Paola Torres Núñez del Prado

Although the goal was that my work would be connected to the place where Interface Inagh is, in practice, I did not have that in mind when I started the piece “Signal@Forest” as, for once, I wanted to approach art creation in a free way, without the usual constraints that my own art practice seems to have imposed on myself: solid research backing the work, a very important reason to do it (as most material artworks require resources that could imply an impact to this planet), a complex technical framework, to think where it would be presented and for whom… This time, I just grabbed one of the Andean-imitation textiles I like to paint on nowadays, some acrylic paint, and departed from the material itself without an idea of what to do (no previous sketch or mental image beforehand). The painting technique that I have developed consists of seamlessly integrating the painting into the base textile, in such a way that the viewer of the piece cannot easily distinguish where the paint ends and where the textile starts. As I usually say, I am really a painter, although most people do not recognize me as such. And this is something that is not surprising, as I have had quite a complex relationship with painting for half of my life, distancing myself from such practice for years. This technique, which finally unites the layer of paint with its support (the canvas), also has re-united me to paint again.
I like to be challenged by color and form. The textile painting that I came out with is quite bold in this sense: colors are bright and extreme in their combination, yet they seemed to work quite well together. When seeing the work digitally, Daniel Fyffe, a Swedish-American painter/friend, commented that it was like:
“A glitch in the matrix unifying nature and the hopes of our ancestors.”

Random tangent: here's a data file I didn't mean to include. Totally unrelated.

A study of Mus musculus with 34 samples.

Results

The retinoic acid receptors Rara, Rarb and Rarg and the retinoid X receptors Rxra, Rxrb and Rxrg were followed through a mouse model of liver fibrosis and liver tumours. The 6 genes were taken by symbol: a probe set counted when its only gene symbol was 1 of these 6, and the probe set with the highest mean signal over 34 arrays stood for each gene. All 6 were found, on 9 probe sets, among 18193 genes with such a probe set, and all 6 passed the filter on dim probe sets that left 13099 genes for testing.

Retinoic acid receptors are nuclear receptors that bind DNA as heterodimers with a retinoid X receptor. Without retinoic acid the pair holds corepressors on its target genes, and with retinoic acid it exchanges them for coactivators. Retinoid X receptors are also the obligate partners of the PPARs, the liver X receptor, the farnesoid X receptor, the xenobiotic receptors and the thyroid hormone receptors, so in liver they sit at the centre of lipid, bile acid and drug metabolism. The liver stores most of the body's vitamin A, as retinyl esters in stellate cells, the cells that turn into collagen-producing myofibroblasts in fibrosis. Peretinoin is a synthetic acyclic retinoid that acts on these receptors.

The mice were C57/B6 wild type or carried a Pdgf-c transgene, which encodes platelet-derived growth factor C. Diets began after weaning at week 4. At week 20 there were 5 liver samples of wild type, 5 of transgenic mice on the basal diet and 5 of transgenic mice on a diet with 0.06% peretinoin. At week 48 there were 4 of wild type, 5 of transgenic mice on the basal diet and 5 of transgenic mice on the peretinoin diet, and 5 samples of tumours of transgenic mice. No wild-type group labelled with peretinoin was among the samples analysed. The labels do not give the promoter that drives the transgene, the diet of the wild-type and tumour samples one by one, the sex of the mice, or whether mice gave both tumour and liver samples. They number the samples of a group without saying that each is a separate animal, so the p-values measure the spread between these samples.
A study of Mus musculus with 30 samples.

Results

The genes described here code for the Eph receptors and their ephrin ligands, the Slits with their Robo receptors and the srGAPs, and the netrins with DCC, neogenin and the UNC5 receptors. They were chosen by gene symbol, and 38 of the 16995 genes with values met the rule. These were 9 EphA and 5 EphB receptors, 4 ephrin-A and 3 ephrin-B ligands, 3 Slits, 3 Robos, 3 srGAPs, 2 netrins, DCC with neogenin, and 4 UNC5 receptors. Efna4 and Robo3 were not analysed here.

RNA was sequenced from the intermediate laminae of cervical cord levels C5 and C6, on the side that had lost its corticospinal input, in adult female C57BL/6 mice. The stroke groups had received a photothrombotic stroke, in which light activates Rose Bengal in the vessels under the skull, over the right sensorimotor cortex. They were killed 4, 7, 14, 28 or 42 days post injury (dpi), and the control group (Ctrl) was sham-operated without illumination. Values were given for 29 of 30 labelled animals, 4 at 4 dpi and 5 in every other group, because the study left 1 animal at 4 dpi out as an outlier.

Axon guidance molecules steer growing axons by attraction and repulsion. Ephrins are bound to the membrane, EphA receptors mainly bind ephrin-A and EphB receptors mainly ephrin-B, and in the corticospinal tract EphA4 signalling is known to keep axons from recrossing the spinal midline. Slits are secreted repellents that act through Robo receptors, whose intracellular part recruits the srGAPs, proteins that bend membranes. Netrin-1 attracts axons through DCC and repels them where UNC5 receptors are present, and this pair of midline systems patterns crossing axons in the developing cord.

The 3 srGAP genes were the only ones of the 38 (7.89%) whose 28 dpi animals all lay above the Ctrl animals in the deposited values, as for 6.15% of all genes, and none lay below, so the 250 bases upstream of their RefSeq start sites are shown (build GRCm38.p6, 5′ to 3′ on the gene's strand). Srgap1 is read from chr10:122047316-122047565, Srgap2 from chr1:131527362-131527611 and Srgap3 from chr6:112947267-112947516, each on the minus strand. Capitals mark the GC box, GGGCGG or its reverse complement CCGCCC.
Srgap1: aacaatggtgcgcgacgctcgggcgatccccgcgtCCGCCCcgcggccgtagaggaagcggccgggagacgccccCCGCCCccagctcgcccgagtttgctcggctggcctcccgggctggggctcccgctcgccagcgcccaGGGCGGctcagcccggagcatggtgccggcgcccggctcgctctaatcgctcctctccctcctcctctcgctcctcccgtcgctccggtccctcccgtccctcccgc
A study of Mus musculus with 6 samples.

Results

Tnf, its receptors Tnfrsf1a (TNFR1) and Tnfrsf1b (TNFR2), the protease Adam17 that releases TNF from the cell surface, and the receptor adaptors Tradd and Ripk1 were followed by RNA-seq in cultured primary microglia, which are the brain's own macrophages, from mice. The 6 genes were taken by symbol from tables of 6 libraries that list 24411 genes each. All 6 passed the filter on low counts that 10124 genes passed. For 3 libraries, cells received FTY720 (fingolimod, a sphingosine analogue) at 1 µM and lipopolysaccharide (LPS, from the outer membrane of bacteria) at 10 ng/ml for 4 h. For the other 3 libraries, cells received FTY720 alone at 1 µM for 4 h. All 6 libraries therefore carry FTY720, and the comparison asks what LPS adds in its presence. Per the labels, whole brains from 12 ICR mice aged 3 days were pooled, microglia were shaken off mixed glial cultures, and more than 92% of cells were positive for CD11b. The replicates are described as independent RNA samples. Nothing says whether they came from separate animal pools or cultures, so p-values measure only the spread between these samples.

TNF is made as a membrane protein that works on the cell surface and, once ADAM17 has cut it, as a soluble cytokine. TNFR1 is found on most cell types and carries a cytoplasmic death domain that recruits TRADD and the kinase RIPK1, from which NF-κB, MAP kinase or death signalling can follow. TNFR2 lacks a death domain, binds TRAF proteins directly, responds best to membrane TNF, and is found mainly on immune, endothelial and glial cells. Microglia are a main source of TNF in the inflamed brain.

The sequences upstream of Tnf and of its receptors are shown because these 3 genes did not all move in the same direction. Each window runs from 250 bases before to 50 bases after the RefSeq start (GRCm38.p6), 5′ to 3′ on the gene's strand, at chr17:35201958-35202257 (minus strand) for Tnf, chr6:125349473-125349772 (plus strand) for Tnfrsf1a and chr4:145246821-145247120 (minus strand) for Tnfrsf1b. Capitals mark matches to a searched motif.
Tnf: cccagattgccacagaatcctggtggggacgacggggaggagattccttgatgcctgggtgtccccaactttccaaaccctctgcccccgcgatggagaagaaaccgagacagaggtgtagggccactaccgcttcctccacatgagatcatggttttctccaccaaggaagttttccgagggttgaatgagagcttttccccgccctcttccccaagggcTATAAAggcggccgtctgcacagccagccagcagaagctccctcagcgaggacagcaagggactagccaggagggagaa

I have been working around glitch art since 2007. At this point, it has permeated most of my work, including my sound pieces.
So, in seeking this multi-layered unification of matter (and not) through paint and textile, I came to realize that deleting a line of code in order to generate a visual glitch in a digital image was very similar to taking a thread from a textile. It was the irruption of a pattern. And it is in the emergence of this pattern/antipattern dynamic structure that I recognize life and its finite nature. But also, it reflects my own identity, the erasing of my Andean ancestry, the lack of data, the errors that arise in its reconstruction, and the inability to ever achieve it fully, as the cultural re-inclusion, at this point, would be just as the imitation textiles that I use to paint over. It would be an interpretation of something perceived from afar, even if such a distance is physically near.
Can there be beauty in such a loss?
The final work was not presented to people but to the trees in Connemara. The central dark and light greens of the mostly fuchsia piece ended up being the same color as the forests of Ireland after the rain. The lines of the textile followed the tree trunks of the evergreen pines, yet they were interrupted by the distortion. The textile is physically glitched (unthreaded, ripped) towards its ends, yet the unraveling is stopped by three-dimensional knots. Such a material signal in the forest is a voice that progressively turns into a shredding scream that is stopped by the silencing, soothing knots, passing through the pattern/antipattern phases: order, chaos, and organization.